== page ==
Dear Friends:

We are less than one week from the beginning of the 2017 Legislative Session, which begins on January 23 and runs until March 9. When not at the Capitol, throughout the year I meet with constituents, educators, business leaders, local community councils and elected officials and other members of our community to learn about issues important to the state and District 36. Below is a brief description of a few of the dozens of meetings I attended last week.


Big Block of Cheese Day

In 1837, President Andrew Jackson received a gift of a 1400-pound block of cheese. To make use of all the cheese, Jackson invited the public into the White House lobby to chisel off a chunk of the cheese to keep for themselves. In this tradition, the House Democratic Caucus also welcomed in members of the public to share in cheese and converse with their representatives for our annual Big Block of Cheese Day.


I had the pleasure of meeting with many constituents, including the McGregor and Guelker family, whose two children, Jefferson and Winston, donned their 1700's best just for the occasion. It was so great to hear first-hand what issues are important to the citizens of District 36. Clean air, education improvements and the need for defending our public lands were brought up by many people who spoke with me. I hope to see you at next year's Big Block of Cheese Day!


Meeting with Local Educators

Utah School for the Deaf and Blind:

Last Wednesday I had the privilege of meeting with Utah School for the Deaf and Blind Superintendent Joel Coleman and Associate Superintendent Michelle Tanner. They gave me and Rep. Carol Spackman Moss a tour of the C. Mark Openshaw Education Center, a new addition to their 3300 South campus. This new center was specially designed to help the students of the school succeed. The facility contains many unique features. For example, textured paneling along the walls helps students find their way to class. And unique plants and water features are scattered throughout the school's sensory garden and tactile playground to let students play in a safe and fun way. This campus serves blind and deaf students from all over the Salt Lake Valley, as well as Park City and Tooele. It is a vital part of the Utah education system.

Meeting with Granite School District Teachers:

Wednesday evening I met with teachers from the Granite School District. They shared their concerns about teachers leaving the profession, students not going into teaching, students with significant needs, teacher preparation time, class size and other critical issues facing our public schools. We also discussed the "Our Schools Now" initiative, which would give citizens the ability to vote on a ballot measure to increase income taxes for education funding. That initiative was also the topic of an evening meeting of the House Democratic Caucus on Thursday evening. More information can be found at:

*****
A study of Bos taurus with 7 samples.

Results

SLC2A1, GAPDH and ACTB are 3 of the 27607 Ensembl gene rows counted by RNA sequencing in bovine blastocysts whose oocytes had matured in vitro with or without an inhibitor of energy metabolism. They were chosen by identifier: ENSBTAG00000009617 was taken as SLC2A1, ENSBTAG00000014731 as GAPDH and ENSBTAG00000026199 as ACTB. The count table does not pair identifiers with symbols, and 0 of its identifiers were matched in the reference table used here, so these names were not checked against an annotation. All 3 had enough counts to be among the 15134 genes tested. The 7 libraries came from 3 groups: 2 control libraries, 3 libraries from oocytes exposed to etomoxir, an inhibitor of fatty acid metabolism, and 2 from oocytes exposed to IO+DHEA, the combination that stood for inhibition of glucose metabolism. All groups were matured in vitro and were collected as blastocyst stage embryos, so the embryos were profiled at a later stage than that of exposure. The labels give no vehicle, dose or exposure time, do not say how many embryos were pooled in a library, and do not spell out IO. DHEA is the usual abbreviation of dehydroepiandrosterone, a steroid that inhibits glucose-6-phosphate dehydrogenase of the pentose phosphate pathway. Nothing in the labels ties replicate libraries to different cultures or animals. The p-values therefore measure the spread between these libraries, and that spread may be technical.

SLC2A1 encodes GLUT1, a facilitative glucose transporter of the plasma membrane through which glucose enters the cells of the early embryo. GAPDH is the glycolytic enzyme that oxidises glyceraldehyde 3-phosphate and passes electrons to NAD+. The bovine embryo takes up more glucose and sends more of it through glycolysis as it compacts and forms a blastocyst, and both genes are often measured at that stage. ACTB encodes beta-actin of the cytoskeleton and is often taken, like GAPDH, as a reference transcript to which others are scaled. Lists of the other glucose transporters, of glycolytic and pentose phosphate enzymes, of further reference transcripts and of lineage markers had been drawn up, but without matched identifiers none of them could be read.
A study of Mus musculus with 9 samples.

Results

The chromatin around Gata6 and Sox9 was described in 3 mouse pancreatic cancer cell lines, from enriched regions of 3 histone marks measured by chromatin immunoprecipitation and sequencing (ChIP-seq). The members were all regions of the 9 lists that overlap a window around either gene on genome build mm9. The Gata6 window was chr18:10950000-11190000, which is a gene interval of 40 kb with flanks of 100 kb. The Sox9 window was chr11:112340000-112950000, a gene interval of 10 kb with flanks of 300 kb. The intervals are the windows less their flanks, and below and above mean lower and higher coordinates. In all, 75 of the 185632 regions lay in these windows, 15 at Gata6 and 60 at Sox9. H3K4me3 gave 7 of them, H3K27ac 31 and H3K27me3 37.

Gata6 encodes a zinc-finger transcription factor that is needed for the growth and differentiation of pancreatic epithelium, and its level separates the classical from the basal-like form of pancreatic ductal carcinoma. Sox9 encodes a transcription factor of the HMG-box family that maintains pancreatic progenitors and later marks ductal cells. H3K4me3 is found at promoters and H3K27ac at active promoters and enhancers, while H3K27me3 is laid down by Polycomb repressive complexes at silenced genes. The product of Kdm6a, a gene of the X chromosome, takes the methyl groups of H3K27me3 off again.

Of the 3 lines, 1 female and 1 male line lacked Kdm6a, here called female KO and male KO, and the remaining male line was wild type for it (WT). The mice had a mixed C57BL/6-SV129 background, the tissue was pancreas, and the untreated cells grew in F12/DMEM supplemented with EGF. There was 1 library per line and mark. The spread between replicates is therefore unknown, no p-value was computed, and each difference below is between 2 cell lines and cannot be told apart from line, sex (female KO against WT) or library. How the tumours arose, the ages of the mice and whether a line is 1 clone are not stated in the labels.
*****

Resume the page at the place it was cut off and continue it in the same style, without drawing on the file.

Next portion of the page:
Local Entrepreneurs at Outdoor Retailers Winter Market

This past week Salt Lake City once again served as the host to the Outdoor Retailers Winter Market. Our state's incredible public lands are a vital asset to our economy and way of life, attracting innovators and jobs to Utah. The continued success of local companies and entrepreneurs featured at the Outdoor Retailers Expo is a testament to that. A few examples are those I met with on Thursday. Gregory Mountain designs backpacks here in Utah for every outdoor need. Petzl, a company which makes safety equipment for rock climbers and emergency service workers, recently relocated their American headquarters to Utah.

In 2013, Davis Smith and a group of friends met in a cabin in Utah to found Cotopaxi. Cotopaxi is an apparel company that is committed to responsible business practices. Their colorful bags are made from reclaimed fabric scraps and the company is dedicated to supporting other charitable organizations that have a proven record of empowering people. As well as being headquartered here, Cotopaxi has two stores in Utah. It is a shining example of an ethical business drawn to our state because of our incredible human and natural resources.


My New Intern - Christian Mower

My intern this session will be Christian Mower. Christian is a junior at the University of Utah majoring in political science as well as a resident of District 36. You can reach Christian at


As always, I am grateful to the constituents of District 36 for allowing me to be your representative in the Utah Legislature. Please feel free to contact me with issues that are important to you. In messages to me, please include your address, the piece of legislation you are writing about and if you would like a response. I personally read every email I receive because your opinion matters. I look forward to hearing from you and to serving as your representative this year.